In this morning’s Washington Post, writers Phil Rucker and David Hilzenrath write of Rep. Darrell Issa’s plan to hold hearings on what regulations can be eliminated in the name of savings jobs.
Issa, chairman of the House Committee on Oversight and Government Reform, and his supporters in the business community had remarkable message discipline. At least 13 times in the article were either quotes or attributions that included the word ‘”jobs” and how regulations are hurting the creation of them.
[House Republicans] are taking guidance from industry groups that say the rules threaten jobs.
…Issa asked industry groups to identify regulations that "have negatively impacted job growth."
…He said the probe is "a starting point for the broader discussion that will unfold about the regulatory barriers to job creation.
Thirteen times. You get the picture: Regulations reduce the number of jobs.
Except the writers place this sentence in the middle of the nearly 1,600-word story.
[M]any of the industry groups broadly said that government regulations would cost jobs but did not back up their claims with evidence.
How many times should reporters allow the purveyors of a point of view for which they offer no evidence that said view is true before said reporters refuse to be stenographers at a fantasy convention?
Maybe the claim by Republicans is true. Then where is the evidence?
I went looking, of course, via Google. I entered the search term: do regulations hurt job creation [no quotes]. By page 17 in the results I had found no article that made the case that the GOP assertion was false. In fact, most of the results were the same article about Obama calling for relaxing some regulations or GOPers making their claim if not their case. Yet, I didn’t find a clear explanation of how regulations hurt job creation.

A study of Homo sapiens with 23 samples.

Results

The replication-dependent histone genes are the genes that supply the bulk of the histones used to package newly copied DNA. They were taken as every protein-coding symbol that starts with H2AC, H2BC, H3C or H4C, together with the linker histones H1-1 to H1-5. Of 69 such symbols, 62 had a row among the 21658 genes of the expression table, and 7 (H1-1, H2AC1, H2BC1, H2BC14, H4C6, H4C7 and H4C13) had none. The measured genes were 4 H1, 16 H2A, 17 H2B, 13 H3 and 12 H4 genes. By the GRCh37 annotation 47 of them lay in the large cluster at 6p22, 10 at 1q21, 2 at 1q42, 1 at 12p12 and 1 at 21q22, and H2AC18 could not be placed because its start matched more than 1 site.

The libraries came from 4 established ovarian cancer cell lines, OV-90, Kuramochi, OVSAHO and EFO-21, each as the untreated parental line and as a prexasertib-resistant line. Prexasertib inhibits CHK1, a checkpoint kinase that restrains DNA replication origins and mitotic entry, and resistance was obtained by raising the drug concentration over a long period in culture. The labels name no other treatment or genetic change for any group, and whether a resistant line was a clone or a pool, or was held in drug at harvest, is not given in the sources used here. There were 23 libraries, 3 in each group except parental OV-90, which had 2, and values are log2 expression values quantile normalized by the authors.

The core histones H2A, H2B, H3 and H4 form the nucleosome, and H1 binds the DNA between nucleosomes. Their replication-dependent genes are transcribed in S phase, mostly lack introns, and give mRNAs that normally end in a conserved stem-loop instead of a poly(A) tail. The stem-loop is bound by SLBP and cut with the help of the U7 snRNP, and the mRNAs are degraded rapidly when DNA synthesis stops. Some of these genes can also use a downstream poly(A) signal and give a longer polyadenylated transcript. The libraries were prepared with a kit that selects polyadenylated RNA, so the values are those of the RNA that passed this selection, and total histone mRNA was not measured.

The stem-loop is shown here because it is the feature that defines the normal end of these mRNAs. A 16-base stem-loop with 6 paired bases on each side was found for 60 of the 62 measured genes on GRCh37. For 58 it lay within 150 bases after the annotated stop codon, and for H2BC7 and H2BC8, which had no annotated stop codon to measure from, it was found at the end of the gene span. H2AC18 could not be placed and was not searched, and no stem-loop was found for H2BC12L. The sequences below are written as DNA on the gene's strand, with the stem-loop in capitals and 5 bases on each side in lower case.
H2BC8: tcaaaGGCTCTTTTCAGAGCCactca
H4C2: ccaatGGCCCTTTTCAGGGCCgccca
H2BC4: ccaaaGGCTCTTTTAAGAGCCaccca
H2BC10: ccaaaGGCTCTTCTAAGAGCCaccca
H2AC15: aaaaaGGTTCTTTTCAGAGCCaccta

I then searched the same term with quotes around it. No results? No where in the entire World Wide Web has someone asked that question!
I then put in the term “regulations don’t hurt job creation” [with quotes]. No results. No one has made that claim.
Sure, people will argue, rightfully, that regulations often cost businesses. And we can all tell stories of how silly regulations waste time and don’t really stop much bad from happening. But costing businesses money doesn’t mean it costs jobs. How do we know that the money or time saved would result in more jobs? What business would like us all to believe is that with the money they’d save they will invest it by hiring more people. But that it not a proven conclusion. It taint an ipso facto. The money saved could go to shareholders in higher dividends or to senior executives in higher pay.
Is the GOP claim true that regulations hurt job creation? There appears no evidence easily found.
Maybe Messrs. Rucker and Hilzenrath could, you know, do a little reporting and find out.